The first time the word and definition of ‘geography’ was mentioned in an ancient Chinese text, was in one of the oldest of the Chinese classics called ‘I Ching’. Over time, society has gained an increasing interest in geography and at Huili School Hangzhou, we strive to provide our pupils with an inquiry-based immersive learning environment that will help them to learn more about geography through deep and enriching academic experiences. From 12th to 16th November, a ‘Festival of Geography’ was held at Huili School Hangzhou, which included such activities as “how to make a globe”, creating a “maps can speak” tabloid, generating 3D terrain maps and the ‘Wellington Run’. Details of each of these events are below;
How to Make a Globe
Catherine Liu: First, I drew a basic globe showing the lines of latitude and longitude. Then I marked the outlines of the continents and the rest was left blank for the ocean. Lastly, I coloured my customised globe with vivid colours. Assembling the globe myself created a lasting impression on me, because I had to think hard to recognise all of the continents and countries.
Aimee Zhang: I did plenty of preparation before constructing my globe, including reviewing the geography content from my textbooks and classroom materials. I researched things like the equator, key latitude and longitude lines. Then I located the main continents and the oceans, and carefully figured out the outline of the countries. It was a fun and practical journey, and making the globe myself allowed me to see how the world is put together and provided context by seeing where the continents and countries are in relation to each other. It was very impressive and meaningful.
‘Maps can Speak’ Tabloid
Catherine Liu: I did a tabloid about the Federation of Saint Kitts and Nevis. I used the dominant colours from their national flag as the colour scheme for my design, summarised key points about their culture and geographical location and drew the national emblem within the tabloid. Designing this tabloid was not only an effective way to learn geography, but also a fascinating art experience.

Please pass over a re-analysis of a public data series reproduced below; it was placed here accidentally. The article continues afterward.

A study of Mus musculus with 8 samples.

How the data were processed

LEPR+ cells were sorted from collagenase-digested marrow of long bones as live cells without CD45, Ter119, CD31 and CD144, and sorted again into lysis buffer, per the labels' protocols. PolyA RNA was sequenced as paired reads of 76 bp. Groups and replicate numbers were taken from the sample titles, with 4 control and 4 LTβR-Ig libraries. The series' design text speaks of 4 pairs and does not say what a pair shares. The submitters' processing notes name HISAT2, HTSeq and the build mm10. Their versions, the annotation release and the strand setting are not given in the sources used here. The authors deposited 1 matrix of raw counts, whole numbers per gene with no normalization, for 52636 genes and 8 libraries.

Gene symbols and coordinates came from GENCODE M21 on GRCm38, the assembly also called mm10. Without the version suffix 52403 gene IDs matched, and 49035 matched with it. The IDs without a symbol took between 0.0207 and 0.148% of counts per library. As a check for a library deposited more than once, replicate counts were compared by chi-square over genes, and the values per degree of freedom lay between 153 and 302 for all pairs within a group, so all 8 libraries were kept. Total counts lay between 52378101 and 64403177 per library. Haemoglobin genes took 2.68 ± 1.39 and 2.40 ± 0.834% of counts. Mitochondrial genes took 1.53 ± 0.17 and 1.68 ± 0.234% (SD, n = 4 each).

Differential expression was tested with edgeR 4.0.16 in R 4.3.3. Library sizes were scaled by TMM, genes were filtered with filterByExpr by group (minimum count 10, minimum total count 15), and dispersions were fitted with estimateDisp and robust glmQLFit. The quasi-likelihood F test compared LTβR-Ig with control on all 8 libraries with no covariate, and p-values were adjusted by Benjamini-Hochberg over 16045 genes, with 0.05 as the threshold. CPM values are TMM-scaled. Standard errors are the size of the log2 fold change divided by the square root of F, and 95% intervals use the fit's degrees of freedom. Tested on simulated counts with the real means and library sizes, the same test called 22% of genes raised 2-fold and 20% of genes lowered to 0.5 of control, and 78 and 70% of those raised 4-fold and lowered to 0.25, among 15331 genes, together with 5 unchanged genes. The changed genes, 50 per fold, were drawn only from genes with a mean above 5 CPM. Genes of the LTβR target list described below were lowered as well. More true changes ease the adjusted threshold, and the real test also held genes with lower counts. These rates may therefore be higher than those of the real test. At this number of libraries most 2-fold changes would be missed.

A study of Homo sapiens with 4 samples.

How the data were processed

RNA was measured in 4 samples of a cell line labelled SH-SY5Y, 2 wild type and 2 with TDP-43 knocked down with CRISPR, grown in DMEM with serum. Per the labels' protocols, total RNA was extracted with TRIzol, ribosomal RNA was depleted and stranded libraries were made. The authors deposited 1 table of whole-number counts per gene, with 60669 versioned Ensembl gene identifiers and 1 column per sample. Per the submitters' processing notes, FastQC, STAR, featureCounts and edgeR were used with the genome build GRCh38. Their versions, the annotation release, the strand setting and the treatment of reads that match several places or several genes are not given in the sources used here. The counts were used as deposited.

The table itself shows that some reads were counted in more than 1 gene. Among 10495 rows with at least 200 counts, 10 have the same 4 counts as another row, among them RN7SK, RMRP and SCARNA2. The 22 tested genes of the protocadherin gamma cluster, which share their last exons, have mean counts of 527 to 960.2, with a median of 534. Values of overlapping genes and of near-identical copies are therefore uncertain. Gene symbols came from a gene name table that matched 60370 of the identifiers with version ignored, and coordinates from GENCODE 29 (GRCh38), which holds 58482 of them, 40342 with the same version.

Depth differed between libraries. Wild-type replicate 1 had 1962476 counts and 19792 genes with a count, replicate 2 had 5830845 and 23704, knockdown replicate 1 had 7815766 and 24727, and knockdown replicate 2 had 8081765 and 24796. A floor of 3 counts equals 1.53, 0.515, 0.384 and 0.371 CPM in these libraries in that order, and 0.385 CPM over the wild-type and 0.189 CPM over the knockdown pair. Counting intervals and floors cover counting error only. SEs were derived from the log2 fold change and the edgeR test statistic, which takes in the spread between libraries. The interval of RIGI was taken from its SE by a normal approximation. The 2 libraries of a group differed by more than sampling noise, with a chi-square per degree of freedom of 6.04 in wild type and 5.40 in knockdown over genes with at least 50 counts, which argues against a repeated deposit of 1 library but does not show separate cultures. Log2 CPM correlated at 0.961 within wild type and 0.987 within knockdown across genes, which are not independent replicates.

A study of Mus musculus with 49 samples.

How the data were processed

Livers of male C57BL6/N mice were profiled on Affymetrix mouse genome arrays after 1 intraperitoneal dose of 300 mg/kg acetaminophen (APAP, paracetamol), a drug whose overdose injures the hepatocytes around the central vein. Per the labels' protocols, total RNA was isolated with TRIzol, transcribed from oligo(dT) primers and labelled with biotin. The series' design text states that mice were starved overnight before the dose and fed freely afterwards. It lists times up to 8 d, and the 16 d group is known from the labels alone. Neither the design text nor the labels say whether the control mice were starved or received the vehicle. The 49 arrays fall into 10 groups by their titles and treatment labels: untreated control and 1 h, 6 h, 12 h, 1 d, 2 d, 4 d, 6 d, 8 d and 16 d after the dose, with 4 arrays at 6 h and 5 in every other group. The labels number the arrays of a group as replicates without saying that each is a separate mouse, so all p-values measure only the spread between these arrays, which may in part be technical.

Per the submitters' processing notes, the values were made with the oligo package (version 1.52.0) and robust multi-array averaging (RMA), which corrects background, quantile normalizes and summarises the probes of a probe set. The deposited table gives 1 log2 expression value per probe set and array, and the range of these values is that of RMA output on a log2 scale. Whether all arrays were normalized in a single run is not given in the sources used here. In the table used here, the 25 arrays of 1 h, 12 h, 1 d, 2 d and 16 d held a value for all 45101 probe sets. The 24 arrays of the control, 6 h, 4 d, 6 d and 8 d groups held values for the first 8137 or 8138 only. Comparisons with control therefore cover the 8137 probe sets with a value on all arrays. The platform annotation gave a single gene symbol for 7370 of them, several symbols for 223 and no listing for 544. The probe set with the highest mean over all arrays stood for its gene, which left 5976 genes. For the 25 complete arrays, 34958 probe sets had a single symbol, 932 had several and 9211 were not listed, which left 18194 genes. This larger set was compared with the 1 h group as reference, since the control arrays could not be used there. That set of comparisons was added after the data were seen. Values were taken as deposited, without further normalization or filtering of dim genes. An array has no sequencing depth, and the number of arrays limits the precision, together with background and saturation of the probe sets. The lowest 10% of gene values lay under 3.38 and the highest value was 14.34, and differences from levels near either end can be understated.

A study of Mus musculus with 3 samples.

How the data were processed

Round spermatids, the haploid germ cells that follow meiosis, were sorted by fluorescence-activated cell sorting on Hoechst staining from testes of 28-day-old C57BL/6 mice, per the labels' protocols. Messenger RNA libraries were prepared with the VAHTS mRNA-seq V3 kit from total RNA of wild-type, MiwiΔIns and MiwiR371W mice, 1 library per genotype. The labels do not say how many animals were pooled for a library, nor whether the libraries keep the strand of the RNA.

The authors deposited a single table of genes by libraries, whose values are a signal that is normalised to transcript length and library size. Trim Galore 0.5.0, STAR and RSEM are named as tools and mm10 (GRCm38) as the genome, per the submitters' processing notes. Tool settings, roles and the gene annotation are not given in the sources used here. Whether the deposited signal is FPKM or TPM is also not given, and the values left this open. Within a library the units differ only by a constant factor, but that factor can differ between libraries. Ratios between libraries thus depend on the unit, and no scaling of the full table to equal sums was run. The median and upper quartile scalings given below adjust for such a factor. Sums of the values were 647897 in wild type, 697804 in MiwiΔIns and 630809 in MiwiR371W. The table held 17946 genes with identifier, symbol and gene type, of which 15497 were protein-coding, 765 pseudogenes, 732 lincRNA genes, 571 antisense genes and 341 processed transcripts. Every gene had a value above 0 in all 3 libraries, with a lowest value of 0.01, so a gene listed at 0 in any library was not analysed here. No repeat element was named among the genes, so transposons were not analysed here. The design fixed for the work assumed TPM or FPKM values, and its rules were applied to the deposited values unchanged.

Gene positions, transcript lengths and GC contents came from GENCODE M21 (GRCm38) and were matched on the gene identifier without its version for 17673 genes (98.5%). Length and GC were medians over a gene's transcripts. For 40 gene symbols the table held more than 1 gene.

Angel Huang: I chose Sweden as my tabloid themed country. Through this process, I got a deeper insight into Sweden by preparing materials about local customs and practices. The more I learned about the social manners and customs of Swedish people, the deeper my feelings for Sweden grew. Sweden is truly a country worth visiting. I will definitely visit once I have the chance in the future.
Kitty Qiu: I chose Germany as the country for the tabloid. I didn’t know Germany well before doing this, but I learned a lot about German culture and geography. It was really a beneficial learning experience.
Generate 3D Terrain Maps
Angel Huang: For generating the 3D terrain model, I reviewed the topography of the region at latitude 40 degrees that I had learned in class. I have gained a more intuitive understanding of the terrain through making the map model. Not only did this help me learn the key content of the class, but I also developed practical skills by virtualising the map in 3D on my own using the tools at my disposal.
Tony Tao: By modeling a 3D terrain map, I realized the importance of knowing ‘altitude’ and strictly following the data that we have access to. For example, the terrains for the hills and the mountains are very similar, but the altitude for these two are totally distinctive from each other. The details related to these differences is the focus of modeling process.
The Wellington Run is inspired by a board game called ‘Monopoly’. Learning and benefiting from games is applied in day-to-day teaching, which can help stimulate pupils’ interest in learning and also cultivate teamwork.
Kitty Qiu: This contest provided me with the opportunity to gain geography knowledge from my peers and allowed me to deepen my friendships with my classmates as well.